The Gospel According to Hozier’s “Take Me to Church”
Written by Dave Herrmann | March 19, 2015
You’ve all heard it…and heard it…and heard it. “My lover’s got humor. She’s the giggle at a funeral….” Most of you have turned it up—rightfully so, as it’s a catchy song, to say the least. But have you really listened to the lyrics?
Take me to church
I’ll worship like a dog at the shrine of your lies
I’ll tell you my sins and you can sharpen your knife
Offer me that deathless death
Good God, let me give you my life
There are many, and I mean MANY, interpretations of what this song is all about. In general, it’s about a relationship that is all-encompassing. It’s about “worshiping your lover”—as in Hozier’s words, the “she” he sings about. This song is about (gasp!) sex. It’s about our humanity and sex. It’s about how the church views sex. Hozier has stated this song is not anti-faith—it’s knocking how the church handles sex and the natural state of it.
Listening to this song, you get a few feelings as a Christian—first off, how powerful the song is in and of itself. After the 50th listen, it tends to be glossed over. However, go back and listen to it from the standpoint of a man frustrated, frustrated with the church. This is the Gospel of Hozier.
Hozier claims that his church is his lover, not a place he goes to on Sundays. Hozier claims that his heaven is when he’s with “her.” You see, Hozier’s “Take Me to Church” is a wake-up call to us as Christians. This man isn’t alone; the church or “religion” is not doing its part.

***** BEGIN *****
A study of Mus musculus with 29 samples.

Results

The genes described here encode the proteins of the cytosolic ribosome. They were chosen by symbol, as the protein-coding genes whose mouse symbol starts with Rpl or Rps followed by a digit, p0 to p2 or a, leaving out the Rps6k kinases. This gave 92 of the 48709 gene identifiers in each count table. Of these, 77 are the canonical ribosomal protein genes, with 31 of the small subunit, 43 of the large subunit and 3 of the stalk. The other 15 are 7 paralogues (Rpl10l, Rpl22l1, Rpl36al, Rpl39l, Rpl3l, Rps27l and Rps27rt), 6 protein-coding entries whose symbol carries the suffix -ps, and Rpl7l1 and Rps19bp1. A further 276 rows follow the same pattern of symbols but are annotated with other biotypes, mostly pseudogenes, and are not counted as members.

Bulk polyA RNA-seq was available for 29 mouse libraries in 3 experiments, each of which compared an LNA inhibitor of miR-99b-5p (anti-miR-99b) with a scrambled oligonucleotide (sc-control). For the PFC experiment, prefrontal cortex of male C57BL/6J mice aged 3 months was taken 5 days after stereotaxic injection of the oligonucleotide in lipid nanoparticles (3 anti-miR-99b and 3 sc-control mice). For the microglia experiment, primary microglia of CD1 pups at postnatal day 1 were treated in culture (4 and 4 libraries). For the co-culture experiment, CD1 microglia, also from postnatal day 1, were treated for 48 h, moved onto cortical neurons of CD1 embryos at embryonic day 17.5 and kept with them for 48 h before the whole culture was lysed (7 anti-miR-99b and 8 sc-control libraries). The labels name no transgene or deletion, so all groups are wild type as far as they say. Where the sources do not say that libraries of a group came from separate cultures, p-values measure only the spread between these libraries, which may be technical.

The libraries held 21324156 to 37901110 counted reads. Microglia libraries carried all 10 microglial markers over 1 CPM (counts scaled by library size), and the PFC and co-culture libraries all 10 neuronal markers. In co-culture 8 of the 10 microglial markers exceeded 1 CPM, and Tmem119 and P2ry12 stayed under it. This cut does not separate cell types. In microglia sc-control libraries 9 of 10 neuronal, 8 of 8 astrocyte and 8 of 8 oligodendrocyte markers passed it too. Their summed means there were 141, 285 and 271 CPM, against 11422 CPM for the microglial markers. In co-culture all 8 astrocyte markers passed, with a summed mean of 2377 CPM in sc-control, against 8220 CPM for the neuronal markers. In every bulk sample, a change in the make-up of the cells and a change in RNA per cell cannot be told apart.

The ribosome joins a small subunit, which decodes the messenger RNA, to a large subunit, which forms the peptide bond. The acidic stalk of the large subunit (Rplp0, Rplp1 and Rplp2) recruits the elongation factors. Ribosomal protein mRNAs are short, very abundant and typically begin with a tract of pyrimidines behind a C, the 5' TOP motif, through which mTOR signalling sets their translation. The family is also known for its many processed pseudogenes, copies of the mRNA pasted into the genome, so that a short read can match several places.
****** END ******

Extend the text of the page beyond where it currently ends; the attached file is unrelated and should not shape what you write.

Let’s revisit the line above:
I’ll tell you my sins and you can sharpen your knife.
Now, I don’t know Hozier’s interpretation of this, but I can guess. He’s coming from a place of hurt in which he shared his sin with someone in the church and they judged him. This mind-set is the difference between following religion versus following Christ. Religion says, “Sinner!” Jesus says, “You’re forgiven.”
As followers of Christ, we shouldn’t be judging ANYONE. Let that judgment be given to God. Just love on people. The truth is to some, the Gospel hurts. The truth is we aren’t called to do anything BUT love. Jesus’ death fulfilled the Mosaic Law, the law that had called for a perfect obedience under the threat of a “curse.” Yeah, that law, Jesus fulfilled.
Hozier’s song is from a point of contention with the church and religion in its present day. Hozier’s song should be taken to us as a way to do better. To do as Jesus said before he died—”make disciples of ALL nations.” We cannot debate people into believing in Christ. But we can quickly do the opposite if we take the view Hozier is singing about.
This song isn’t something we should silence from our ears. It’s a rallying cry for us to do better, to love one another regardless of backgrounds, and all sit down and talk about this Jesus fellow and what He represents, which is love, not judgment.